US Federal Trade Commission chairman Timothy Muris said consumers are bearing the brunt of state laws restricting Internet commerce.

On Wednesday the FTC said it would hold a workshop in October to study the effects of state laws on Internet commerce.

Muris said many state laws designed to protect brick-and-mortar businesses from online competition actually hurt consumers - costing them a total of $15bn each year - and hinder competition.

"We're hoping to educate ourselves in this workshop and shed some light publicly about some of these restrictive practices," he said.

Muris said the workshop could spark further investigations and actions by the FTC, although the primary aim is to get a better idea of the global effect of state regulations.

The FTC noted that some states ban Internet sales unless the company has a physical presence in the state, and prohibit the sale of certain products over the Internet. For example, the FTC had taken action against laws in Connecticut that restricted the sale of contact lenses online.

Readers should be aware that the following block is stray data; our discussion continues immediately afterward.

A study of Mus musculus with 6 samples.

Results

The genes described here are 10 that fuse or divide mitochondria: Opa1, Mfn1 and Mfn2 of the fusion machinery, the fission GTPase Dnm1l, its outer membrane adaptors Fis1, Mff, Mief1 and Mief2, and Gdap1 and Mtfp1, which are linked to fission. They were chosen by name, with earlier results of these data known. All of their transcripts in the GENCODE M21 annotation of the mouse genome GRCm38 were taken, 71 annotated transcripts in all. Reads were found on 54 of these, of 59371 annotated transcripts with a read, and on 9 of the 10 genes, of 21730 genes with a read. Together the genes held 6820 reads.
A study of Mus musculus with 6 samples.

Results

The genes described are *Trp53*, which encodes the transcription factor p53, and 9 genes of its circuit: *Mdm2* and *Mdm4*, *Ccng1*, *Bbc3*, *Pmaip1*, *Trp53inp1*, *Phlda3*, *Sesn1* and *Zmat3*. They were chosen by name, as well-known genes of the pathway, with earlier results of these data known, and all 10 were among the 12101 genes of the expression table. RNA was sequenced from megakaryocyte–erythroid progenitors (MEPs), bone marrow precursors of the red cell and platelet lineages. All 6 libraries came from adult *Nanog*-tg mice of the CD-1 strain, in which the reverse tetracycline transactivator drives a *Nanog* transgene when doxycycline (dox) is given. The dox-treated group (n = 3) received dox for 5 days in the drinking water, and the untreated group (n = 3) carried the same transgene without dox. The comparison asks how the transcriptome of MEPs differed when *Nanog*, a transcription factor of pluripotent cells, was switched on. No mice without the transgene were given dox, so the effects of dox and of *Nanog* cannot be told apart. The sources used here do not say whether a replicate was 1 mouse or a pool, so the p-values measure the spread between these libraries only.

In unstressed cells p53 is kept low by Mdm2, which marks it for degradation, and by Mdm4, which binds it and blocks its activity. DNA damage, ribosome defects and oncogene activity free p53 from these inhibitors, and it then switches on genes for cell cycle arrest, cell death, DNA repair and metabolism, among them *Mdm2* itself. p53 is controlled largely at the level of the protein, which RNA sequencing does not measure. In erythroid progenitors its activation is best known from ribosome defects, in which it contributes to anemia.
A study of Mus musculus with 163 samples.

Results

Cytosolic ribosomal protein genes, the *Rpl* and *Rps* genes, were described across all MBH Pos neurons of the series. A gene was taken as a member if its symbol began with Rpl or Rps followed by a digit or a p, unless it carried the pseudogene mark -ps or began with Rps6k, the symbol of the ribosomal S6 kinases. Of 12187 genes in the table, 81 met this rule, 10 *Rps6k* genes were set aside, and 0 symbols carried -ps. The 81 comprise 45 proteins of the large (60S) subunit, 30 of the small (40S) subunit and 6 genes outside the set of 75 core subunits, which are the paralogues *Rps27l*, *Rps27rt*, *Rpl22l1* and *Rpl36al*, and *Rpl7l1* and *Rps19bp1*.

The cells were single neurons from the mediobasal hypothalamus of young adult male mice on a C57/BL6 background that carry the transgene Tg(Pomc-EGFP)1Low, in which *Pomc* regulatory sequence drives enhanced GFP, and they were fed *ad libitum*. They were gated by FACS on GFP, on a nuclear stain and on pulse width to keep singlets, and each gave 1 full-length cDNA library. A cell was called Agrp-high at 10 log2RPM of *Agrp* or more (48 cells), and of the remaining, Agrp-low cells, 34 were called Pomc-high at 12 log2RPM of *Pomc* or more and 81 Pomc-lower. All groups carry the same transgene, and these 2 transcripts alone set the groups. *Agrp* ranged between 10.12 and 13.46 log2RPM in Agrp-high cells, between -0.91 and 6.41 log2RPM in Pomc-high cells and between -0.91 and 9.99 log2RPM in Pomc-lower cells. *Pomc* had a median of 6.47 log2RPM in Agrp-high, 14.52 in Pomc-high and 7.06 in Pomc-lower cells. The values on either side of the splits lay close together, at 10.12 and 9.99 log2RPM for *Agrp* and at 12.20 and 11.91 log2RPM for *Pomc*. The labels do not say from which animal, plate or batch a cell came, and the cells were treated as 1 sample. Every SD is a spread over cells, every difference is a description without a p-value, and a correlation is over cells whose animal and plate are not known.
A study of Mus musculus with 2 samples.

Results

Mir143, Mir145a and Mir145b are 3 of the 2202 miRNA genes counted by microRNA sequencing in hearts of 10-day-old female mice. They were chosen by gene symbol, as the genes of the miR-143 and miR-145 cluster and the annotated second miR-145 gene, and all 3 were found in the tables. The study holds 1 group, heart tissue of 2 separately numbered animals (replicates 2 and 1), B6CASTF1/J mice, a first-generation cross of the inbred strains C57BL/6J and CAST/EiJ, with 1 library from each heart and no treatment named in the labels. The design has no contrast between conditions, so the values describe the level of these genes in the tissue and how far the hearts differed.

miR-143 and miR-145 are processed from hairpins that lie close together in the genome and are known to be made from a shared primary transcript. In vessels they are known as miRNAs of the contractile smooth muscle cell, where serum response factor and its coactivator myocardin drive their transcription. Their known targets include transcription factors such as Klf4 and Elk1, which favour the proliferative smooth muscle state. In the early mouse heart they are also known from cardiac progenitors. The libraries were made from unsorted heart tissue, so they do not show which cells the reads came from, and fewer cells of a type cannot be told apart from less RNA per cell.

Up to this point, Muris said, the FTC had approached the subject of state laws on a case-by-case basis. But this autumn's workshop will be the first by the FTC to look at the total impact of the laws, he said.

The workshop will help the FTC "connect the dots", said Ted Cruz, the FTC's director of policy planning. "We will look at the aggregate effect on e-commerce across the board."

The workshop will be open to the public and have panels including representatives from state and federal government, universities and a variety of industries.